German rail freight organisations have raised their voices against the extension of the licence for long lorries, saying it will encourage hauliers to continue transporting goods by road rather than by rail for environmental reasons.


The organisations published a joint press release which emphasizes that the extension of Type 1 long trucks contradicts the goals of the German government’s transport policy. The government’s coalition agreement aims to shift more transport from the road to environmentally and climate-friendly rail and increase the market share of rail freight transport to at least 25 per cent by 2030.

However, according to the organisations, the use of oversized lorries like Type 1 long trucks undermines these transport policy goals. Long Heavy Vehicles (LHVs), including these oversized HGVs, can carry more cargo than traditional trucks with only slightly higher operating costs. This cost advantage makes road transport cheaper, leading companies to shift their transport from rail back to the road, argues the press release.

A significant concern is the incompatibility of Type 1 long trucks with combined transport (CT). Combined transport involves transporting loading units, such as containers or semi-trailers, by road to a transhipment station, then transferring them to rail for long-distance transportation. This approach is more environmentally and climate-friendly than long-distance truck transport. However, Type 1 long lorries are too long for this efficient loading and transfer process.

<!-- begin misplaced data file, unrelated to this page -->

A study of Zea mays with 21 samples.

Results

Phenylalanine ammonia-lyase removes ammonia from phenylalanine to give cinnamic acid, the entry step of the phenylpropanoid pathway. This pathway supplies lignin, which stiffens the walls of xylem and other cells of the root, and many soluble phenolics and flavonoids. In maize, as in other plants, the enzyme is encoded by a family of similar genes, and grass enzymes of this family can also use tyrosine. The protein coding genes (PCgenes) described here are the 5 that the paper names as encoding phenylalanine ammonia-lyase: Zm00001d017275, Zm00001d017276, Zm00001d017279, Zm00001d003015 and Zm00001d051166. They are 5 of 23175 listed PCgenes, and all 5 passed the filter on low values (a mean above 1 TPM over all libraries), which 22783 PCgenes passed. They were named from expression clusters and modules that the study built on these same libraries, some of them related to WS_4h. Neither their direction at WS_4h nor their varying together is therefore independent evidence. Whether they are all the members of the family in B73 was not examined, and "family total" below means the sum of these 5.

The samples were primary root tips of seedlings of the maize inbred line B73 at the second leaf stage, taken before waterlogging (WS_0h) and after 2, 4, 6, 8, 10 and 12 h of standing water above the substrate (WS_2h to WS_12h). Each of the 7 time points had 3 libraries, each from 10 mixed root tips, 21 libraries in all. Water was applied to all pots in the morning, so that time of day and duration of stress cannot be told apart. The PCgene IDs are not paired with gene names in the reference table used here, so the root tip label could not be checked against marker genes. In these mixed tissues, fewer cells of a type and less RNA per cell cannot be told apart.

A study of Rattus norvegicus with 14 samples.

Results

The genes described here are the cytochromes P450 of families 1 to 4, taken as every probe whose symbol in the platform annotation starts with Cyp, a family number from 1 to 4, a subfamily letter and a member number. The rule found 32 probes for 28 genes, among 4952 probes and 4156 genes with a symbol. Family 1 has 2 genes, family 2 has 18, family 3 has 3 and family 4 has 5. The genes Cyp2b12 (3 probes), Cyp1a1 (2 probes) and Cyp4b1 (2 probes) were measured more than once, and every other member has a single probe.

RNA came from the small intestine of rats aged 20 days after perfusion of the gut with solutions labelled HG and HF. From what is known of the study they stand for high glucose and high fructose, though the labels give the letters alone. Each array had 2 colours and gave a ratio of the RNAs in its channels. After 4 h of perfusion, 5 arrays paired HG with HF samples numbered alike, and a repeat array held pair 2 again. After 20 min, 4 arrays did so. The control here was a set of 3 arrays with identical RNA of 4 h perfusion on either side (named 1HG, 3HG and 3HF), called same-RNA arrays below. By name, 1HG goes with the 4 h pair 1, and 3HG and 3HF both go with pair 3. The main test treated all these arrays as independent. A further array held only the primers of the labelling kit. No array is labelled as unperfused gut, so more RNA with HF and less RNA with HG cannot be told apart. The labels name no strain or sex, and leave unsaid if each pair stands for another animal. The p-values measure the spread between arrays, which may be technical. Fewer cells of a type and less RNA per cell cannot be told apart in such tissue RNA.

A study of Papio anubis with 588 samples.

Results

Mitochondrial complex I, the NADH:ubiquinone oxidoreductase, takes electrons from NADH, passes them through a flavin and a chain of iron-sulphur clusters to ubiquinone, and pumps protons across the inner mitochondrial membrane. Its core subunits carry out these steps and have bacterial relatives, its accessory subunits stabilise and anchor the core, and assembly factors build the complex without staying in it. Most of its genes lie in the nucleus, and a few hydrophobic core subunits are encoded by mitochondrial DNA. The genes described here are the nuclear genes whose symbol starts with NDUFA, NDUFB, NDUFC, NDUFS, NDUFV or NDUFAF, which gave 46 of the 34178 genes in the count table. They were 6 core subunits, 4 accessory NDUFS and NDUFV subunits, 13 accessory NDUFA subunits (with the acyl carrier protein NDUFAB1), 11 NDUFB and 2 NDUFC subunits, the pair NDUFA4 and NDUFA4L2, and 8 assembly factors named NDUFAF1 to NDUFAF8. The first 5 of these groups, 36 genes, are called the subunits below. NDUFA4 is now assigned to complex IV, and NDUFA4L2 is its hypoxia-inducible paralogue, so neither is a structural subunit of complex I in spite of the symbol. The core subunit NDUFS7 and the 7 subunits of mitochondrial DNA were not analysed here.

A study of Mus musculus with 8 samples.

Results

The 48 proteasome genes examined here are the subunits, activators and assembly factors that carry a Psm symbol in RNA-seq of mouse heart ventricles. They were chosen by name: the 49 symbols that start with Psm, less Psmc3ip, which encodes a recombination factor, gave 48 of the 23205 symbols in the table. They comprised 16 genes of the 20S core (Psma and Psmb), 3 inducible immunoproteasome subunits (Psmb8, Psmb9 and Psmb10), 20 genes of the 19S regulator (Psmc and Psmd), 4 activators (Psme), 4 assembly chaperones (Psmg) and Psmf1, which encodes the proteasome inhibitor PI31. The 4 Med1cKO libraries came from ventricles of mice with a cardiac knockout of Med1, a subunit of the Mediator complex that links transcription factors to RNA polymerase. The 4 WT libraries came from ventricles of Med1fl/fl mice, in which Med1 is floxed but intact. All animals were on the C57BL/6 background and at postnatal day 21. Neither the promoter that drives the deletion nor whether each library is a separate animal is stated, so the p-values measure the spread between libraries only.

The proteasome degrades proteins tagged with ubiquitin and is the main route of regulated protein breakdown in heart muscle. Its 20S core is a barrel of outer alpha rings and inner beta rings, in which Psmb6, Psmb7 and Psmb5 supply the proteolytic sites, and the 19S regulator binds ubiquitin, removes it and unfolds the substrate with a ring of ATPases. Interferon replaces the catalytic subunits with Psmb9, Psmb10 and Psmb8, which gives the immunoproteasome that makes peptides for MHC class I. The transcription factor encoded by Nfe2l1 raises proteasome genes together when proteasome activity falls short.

To use Type 1 long trucks for combined transport, they would require special adaptations, such as foldable underrun protection, an adapted vehicle frame at the rear, and a reduced interior height. These modifications reduce the transport volume of the extended semi-trailer and make it economically unattractive for transport companies. Furthermore, these modified long trucks cannot be loaded into standard double pocket wagons used in rail freight transport, limiting their use in the rail network.

The press release argues that conventional semi-trailers with a length of 13.60 meters are standard throughout Europe and can easily be used in combined road-rail transport. The approval of Type 1 long trucks not only devalues the thousands of railway wagons designed for standard semi-trailers but also contradicts the standardization efforts in combined transport in recent years.

The organisations suggest that it is more appropriate for Germany to support the simplification of freight transport across Europe and allow the registration of Type 1 long trucks, which is set to expire at the end of 2023, to proceed as planned. Instead, the Federal Ministry of Transport should focus on ensuring the combined transport capability of other long truck types, especially Type 2-5, which often carry at least two loading units.